Late Tuesday afternoon, the United States District Court for the Eastern District of Texas granted a motion brought on behalf of 21 states and supported by business groups led by the United States Chamber of Commerce to preliminarily enjoin the new overtime exemption regulations set to go into effect on December 1, 2016. Those new regulations were announced in May by the United States Department of Labor (“DOL”) and, if they had gone into effect, would have increased the minimum salary threshold for most executive, administrative and professional employees from $455 per week (or $23,660 per year) to $913 per week (or $47,476 per year). The new rules would have jeopardized the exempt status of 4.6 million employees.
The Elements for Preliminary Relief Were Satisfied by the States
At the outset, the court had to determine if the states will “likely succeed on the merits” as the case is further litigated, and if a permanent injunction is on the horizon. The states’ case was premised on both constitutional and statutory grounds. The court concluded that while the states’ constitutional claims were unlikely to succeed, their statutory arguments appeared strong and likely to succeed.
The court noted that the Fair Labor Standards Act (“FLSA”) provides that “‘any employee employed in a bona fide executive, administrative, or professional capacity… as such terms are defined and delimited from time to time by regulations of the Secretary, shall be exempt from minimum wage and overtime requirements.” According to the court, the issue boiled down to what Congress meant by “executive, administrative and professional.” The court concluded that Congress’ focus when the FLSA was enacted was on what these employees actually do, i.e., what are their duties, which, the court concluded, “does not include a minimum salary level.” That is, while the law generally grants administrative agencies great deference as they interpret statutes, “nothing… indicates that Congress intended the Department to define and delimit a salary level.”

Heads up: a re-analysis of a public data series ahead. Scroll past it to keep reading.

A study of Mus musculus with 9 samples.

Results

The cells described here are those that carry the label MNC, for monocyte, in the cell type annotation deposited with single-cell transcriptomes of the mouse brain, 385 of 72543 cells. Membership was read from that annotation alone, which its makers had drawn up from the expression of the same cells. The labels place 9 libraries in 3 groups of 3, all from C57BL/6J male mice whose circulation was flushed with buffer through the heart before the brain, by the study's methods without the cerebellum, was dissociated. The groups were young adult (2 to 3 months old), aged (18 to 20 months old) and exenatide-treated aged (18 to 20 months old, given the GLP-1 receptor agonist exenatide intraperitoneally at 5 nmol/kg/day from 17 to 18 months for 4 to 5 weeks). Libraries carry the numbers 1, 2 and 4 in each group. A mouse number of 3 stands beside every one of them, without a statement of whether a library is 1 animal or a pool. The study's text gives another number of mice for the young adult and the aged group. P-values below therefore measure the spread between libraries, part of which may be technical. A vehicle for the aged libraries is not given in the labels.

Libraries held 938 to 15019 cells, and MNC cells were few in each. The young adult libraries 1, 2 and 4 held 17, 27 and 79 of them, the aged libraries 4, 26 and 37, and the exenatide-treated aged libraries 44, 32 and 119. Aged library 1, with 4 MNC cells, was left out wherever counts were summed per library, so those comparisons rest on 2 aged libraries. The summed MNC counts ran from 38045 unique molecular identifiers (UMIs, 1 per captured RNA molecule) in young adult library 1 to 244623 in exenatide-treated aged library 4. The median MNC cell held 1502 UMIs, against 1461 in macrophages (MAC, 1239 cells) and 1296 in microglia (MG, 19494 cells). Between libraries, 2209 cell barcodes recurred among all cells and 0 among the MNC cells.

Consequently, the court held that the DOL exceeded its authority by imposing a salary level requirement in the tests for these white collar exemptions. Further, the court stated: “Congress did not intend salary to categorically exclude an employee with [exempt] duties from the exemption,” but such an outcome, the court stressed, would happen under the new regulations. Indeed, this outcome was expressly admitted to by the DOL in the preamble to the new regulations, i.e., that the significant salary level increase would, in and of itself, make otherwise exempt employees non-exempt.
The court also held that absent an injunction, the states would be irreparably harmed. That harm would not only include the cost of paying higher salaries, but it would also entail the cost spent on compliance and the redirection of resources from other critical services of the state governments.
Finally, the court found that the public interest would be best served by it issuing an injunction. On this point, the court noted that more time would be needed for it to make a final ruling on the case, and that by issuing an injunction, the only harm to the DOL would be a delay in the implementation of the new regulation. Thus, the court concluded that preserving the status quo while the case continues on the merits is appropriate.
The Injunction’s Scope Is National
In light of the above, the court determined that an injunction was appropriate. The remaining issue regarded its scope. The DOL argued that it should only apply to those states that participated in the case, and established the potential of irreparable harm. The states argued that the injunction should apply nationwide. After noting that injunctions are dictated by the nature of the violation at issue and not its geographical scope, the court agreed with the states and applied its injunction nationwide.
Consequently, the court granted the motion of the preliminary injunction and enjoined the DOL from implementing and enforcing the new salary level regulations on December 1, 2016.
At this time, the new regulations are essentially on hold, subject to further litigation. The current regulations are not enjoined in the meantime. Those may later become an issue as the litigation proceeds, but for now, employers must continue to comply with the regulations currently in effect. Employers operating in states with their own laws and regulations must continue to comply with their states’ laws; nothing in Tuesday’s injunction affects state laws.
To be sure, many employers have already made or announced changes to conform to the regulations set to go into effect in just over one week. Those employers may consider cancelling those changes or retaining some of them. How to proceed will depend on the circumstances and each employer’s assessment of the likelihood that the injunction will become permanent. Another unknown factor is the stance the Trump Administration will take on this matter. The incoming administration could continue to fight for the new DOL regulations, or could simply let the injunction stand so that it can chart its own path in 2017. Time will tell.